Creating a C.V. with LaTeX and moderncv

by on February 18, 2015

The moderncv document class provides an easy way to create a good looking curriculum vitae in LaTeX. Unfortunately, documentation for the package seems to be non-existent. As usual, questions on Stack Exchange were the best resource for finding out how the package works. While I didn’t use every function moderncv provides, I hope this article explains enough for you to create the same basic c.v. as I did.

Example CV generated with moderncv.

Start out with a similar structure like any other LaTeX document:


\section{Work Experience}

Personal data

Your personal data has to be set above the \begin{document} block. Most properties can be ignored if you don’t use them, just remove them from your source.

\title{Resumé title (optional)}
\address{street and number}{postcode city}
\extrainfo{additional information}
\quote{Some quote (optional)}

Depending on the theme, this information is shown in a block at the top or the bottom of the page.


We’ll be using the cventry command to list educational items. This command requires 6 arguments in the order listed below. Note that the appearance of these arguments on the generated C.V. depends on the selected theme. Try not swap arguments because you think they look better that way, it may look even worse if you ever decide to use another theme. The last 3 arguments may be empty.


A Master’s degree from Thunderwood College could look like:

\cventry{2009-2012}{M.Sc Internet Technologies}{Thunderwood College}{}{}{}

In case you need a longer description:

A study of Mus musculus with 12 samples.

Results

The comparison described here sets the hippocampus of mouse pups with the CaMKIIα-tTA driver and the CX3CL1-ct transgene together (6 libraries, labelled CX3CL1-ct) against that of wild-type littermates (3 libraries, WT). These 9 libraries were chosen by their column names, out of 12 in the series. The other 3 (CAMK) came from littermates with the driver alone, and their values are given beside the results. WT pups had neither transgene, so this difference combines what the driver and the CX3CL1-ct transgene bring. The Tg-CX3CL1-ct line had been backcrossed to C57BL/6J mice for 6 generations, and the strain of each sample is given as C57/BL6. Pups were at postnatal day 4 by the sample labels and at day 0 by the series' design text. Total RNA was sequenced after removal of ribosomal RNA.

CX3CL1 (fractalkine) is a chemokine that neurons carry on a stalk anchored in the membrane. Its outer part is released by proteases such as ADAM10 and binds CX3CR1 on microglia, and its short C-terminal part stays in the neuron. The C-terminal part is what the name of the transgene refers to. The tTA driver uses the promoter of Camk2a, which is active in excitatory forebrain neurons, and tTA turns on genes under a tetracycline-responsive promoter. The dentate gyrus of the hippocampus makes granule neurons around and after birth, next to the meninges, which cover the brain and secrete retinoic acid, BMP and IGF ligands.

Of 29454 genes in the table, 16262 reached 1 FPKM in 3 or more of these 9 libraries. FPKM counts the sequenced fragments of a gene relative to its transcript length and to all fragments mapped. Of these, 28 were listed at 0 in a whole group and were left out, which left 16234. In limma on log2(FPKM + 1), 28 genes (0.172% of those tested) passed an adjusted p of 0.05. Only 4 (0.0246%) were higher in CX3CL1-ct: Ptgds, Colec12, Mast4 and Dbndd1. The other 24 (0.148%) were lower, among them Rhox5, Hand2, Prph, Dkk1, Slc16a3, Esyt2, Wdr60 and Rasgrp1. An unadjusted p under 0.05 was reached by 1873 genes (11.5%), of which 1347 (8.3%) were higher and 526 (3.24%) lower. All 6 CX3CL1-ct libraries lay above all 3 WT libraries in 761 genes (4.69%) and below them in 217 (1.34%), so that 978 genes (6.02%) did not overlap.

\cventry{2009-2012}{M.Sc Internet Technologies}{Thunderwood College}{}{}{%
	I clicked some buttons and all I got was this silly degree.\\
	Another line here.}

Work experience

The same cventry command is used to list work experience. Some arguments have a different meaning when used for work experience:


An example job would be:

\cventry{2012-2015}{Teacher}{Thunderwood College}{}{}{}


The cvlanguage command allows you to define the different languages you are able to communicate in. Some people prefer to split this in their ability to read, write, speak and listen. As far as I know, moderncv does not support this by default. You’ll have to do the additional markup yourself.


For example:

\cvlanguage{dutch}{mother tongue}{}
\cvlanguage{english}{good}{written and spoken}

Other information

The document class also provides a few generic commands to list other data on your resume. I suggest using the cventry and cvlanguage commands if possible, as themes may apply special markup for those. That said, try out the commands listed below:


Setting the theme

In case you do care about the looks of your c.v. and don’t like the defaults: change the theme! The moderncvtheme command sets a theme and color scheme for the generated curriculum vitae. Four usable themes are shipped by default, a fifth empty theme can be used to create your own.

Every theme supports 7 color schemes. Note that some themes don’t use much color at all, so setting the color scheme may not change much.